Hot Sheet

Old enough to fight overseas, old enough to conceal-carry at home?

Author: Dan Njegomir - February 14, 2017 - Updated: June 6, 2017

It’s a judgment call, of course. But here’s a sure thing: GOP-backed Senate Bill 6 is Republican enough — overwhelmingly so —  that it will meet its doom as soon as it leaves the Senate and enters the Democratic-controlled House.

The bill, introduced into the upper chamber by former Weld County Sheriff John Cooke, now a state senator from Greeley, would lower the statewide minimum age for obtaining a Colorado concealed-weapons permit from 21 to 18 for anyone “on active duty in, or honorably discharged from, any branch or reserve branch of the United States military forces, including the National Guard.” The bill passed the Senate Judiciary Committee Monday and now goes to the full Senate for further consideration.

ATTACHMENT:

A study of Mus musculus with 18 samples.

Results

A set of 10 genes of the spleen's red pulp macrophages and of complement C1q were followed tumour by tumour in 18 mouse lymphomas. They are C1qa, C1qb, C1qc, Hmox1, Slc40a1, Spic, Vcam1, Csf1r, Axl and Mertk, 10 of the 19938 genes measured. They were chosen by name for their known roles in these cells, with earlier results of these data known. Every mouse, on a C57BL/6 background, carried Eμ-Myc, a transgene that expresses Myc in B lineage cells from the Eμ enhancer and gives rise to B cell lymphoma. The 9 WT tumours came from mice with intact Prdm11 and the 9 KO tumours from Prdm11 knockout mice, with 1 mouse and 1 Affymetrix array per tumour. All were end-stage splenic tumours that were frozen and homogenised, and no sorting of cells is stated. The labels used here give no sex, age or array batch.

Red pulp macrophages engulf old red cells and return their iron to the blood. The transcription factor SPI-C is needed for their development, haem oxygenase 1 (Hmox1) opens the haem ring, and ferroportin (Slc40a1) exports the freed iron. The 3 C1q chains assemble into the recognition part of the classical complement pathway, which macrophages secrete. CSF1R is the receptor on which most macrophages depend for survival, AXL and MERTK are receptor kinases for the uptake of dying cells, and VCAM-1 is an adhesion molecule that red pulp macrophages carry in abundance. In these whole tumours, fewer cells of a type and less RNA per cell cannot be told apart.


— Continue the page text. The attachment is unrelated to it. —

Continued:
Skeptics might question whether veterans have greater personal-security needs than the rest of Colorado’s population as a whole. Those same skeptics might wonder, as well, if the bill isn’t more about politics than personal security — about burnishing GOP credentials with veterans and gun-rights activists while forcing legislative Democrats to vote in essence “against the military” when they inevitably vote against the bill.

Yet supporters contend there’s a bona fide need for the measure. Here’s a press statement from the Senate GOP Monday:

“We trust our highly-skilled young service men and women to defend us abroad, it makes no sense that we revoke their right to self-defense when they are here in Colorado,” said Cooke. “This is a commonsense step to strengthening liberty and allowing those who defend our freedom, to apply for a permit and go through a background check just like any other Coloradan who wants to defend themselves or their family.


Dan Njegomir

Dan Njegomir

Dan Njegomir is the opinion editor for Colorado Politics. A longtime journalist and more-than-25-year veteran of the Colorado political scene, Njegomir has been an award-winning newspaper reporter, an editorial page editor, a senior legislative staffer at the State Capitol and a political consultant.